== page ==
Australian market expected to open lower 21/11/19

Australian market expected to open lower 21/11/19

OPENING CALL: The Australian share market is expected to open lower. The SPI200 futures contract expected to open down 10 points.

The Trump administration has allowed some U.S. suppliers to Huawei to resume shipping to the Chinese telecom giant, easing export restrictions while negotiators struggle to work out the first phase of a trade deal.  





U.S. Senate passed a bill in support of Hong Kong’s antigovernment protesters. The bill would require the U.S. Secretary of State to certify annually that Hong Kong remained sufficiently independent from Beijing to warrant the special status that has helped the city grow into a global financial hub

Overnight Summary

 

 

Each Market in Focus

 

 
 
Australia’s big banks weighed heavily on the equities market as another lender became embroiled in scandal. Ending near the session low, the S&P/ASX 200 dropped 1.4% to 6722.4–the sharpest one-day fall in more than a month and a half.  

The heavily weighted four biggest lenders were the main drag, led by a 3.3% fall in Westpac shares after the country’s financial-intelligence agency launched a civil suit seeking penalties for millions of alleged breaches of money-laundering laws.  

Each of the other industry sectors also lost ground aside from the
consumer-discretionary sector, thanks to 6.0% rally by Aristocrat Leisure with the release of its full-year earnings.  
 
 
Global stocks slumped as trade talks between the U.S. and China appeared to near an impasse, with President Trump threatening to raise tariffs further.
 
The Dow Jones Industrial Average dropped 230 points, or 0.8%, in midday trading. The S&P 500 shed 0.8%. The Nasdaq Composite lost about 1.1%, retreating from the record hit Tuesday. 

Losses deepened and major U.S. indexes fell near session lows after Reuters reported that the first phase of a trade deal between the U.S. and China may not materialize by year-end. Trade has been a key driver of market swings this year and the recent dash for stock records had been driven, in part, by optimism on a final deal.  
 
 
 
 
Gold prices gave up the bulk of their losses to finish just a dime lower, finding support after Reuters reported that phase one of a U.S.-China trade deal might not be reached this year. That lifted haven demand for the precious metal.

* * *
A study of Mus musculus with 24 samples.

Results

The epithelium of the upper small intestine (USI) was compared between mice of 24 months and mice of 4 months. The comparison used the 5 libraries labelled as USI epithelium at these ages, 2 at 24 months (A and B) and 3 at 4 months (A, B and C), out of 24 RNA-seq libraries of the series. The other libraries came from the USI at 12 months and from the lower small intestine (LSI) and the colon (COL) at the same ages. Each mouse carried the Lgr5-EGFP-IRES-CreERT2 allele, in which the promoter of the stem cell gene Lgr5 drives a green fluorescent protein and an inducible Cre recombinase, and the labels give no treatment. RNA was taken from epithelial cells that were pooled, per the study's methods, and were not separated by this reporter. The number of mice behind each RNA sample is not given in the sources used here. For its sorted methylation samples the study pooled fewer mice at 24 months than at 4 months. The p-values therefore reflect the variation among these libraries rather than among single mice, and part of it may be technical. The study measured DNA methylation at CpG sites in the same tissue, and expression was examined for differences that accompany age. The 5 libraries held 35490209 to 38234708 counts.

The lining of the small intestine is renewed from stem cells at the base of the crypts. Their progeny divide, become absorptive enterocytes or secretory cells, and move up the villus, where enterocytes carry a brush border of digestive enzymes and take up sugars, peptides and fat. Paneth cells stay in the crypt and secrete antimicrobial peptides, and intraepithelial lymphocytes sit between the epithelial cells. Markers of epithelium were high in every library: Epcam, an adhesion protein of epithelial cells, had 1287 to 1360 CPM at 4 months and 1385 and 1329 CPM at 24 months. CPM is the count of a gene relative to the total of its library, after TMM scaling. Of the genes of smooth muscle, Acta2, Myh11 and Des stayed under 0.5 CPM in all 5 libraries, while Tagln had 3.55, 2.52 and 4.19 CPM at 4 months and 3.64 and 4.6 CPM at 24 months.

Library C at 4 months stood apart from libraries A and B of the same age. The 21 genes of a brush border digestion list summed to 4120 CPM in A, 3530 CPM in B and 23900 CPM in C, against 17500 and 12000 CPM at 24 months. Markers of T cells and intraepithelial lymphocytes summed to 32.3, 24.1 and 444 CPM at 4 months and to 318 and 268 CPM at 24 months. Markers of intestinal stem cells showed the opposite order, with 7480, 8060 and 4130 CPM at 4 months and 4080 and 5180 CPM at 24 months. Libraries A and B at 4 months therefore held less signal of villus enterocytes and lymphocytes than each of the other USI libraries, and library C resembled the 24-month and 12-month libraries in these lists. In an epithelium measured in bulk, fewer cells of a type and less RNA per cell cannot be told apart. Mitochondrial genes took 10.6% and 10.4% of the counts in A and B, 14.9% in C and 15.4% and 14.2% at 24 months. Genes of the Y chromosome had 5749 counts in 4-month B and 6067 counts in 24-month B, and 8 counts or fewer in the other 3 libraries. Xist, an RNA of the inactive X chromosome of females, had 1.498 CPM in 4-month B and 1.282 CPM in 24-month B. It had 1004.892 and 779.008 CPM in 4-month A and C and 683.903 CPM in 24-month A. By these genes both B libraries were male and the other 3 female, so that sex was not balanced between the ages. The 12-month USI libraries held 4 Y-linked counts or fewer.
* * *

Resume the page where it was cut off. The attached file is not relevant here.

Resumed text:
Prices then moved even lower as minutes from the Federal Reserve’s October meeting, released after the gold price settlement, showed that Fed officials were more optimistic about the economic outlook and were against using negative rates in the next recession.  

December gold was at $1471.50 an ounce in electronic trading, following a settlement at $1,474.20, down a dime, or 0.01%, for the session.  
 
U.S. benchmark oil prices ended 3.4% higher at $57.11, recouping all of Tuesday’s 3.2% fall that left crude at a two-week low, as bullish investors were encouraged by a modest rise in U.S. crude-oil inventories.  
 

The dollar was modestly stronger as investors grow increasingly concerned about the prospects for a “phase one” trade deal between the U.S. and China.

Trade tensions tend to boost the dollar because the U.S. economy is seen as less vulnerable to a trade war than many other economies.  
The dollar was recently flat against the euro but up roughly 0.1% against the Japanese yen and 0.2% against the Swiss franc. The WSJ Dollar Index was up less than 0.1% at 90.83.  

Major indexes in Europe logged declines as investors grew concerned that relations between the world’s two biggest economies may be further strained after the U.S. Senate passed a bill in support of Hong Kong’s antigovernment protesters.  

The pan-continental Stoxx Europe 600 index fell 0.4%, led by declines in almost every sector. Germany’s DAX fell 0.5% while France’s CAC 40 slipped 0.3%.  
 

The Shanghai Composite Index ended the day down 0.8%. Investors are growing concerned that relations between the world’s two biggest economies may be further strained after the U.S. Senate passed a bill in support of Hong Kong’s antigovernment protesters.  

Hong Kong’s Hang Seng Index closed 0.8% lower at 26889.61. Blue-chip stocks including financials and developers were broadly lower, with index heavyweight AIA Group shedding 2.1%, China Life Insurance losing 1.4% and developer Country Garden Holdings falling 1.1%.

Banks mostly inched down after China’s benchmark lending rates dropped in November. Bank of Communications and Bank of China declined 0.8% and 0.6%, respectively.  

India’s BSE Sensex closed 0.5% higher at 40651.64, after hitting a fresh all-time high earlier in the session today. Sun Pharmaceutical Industries was the biggest gainer with a 5.7% rise, followed by IndusInd Bank, up 5.5%, while Yes Bank gained 2.7%.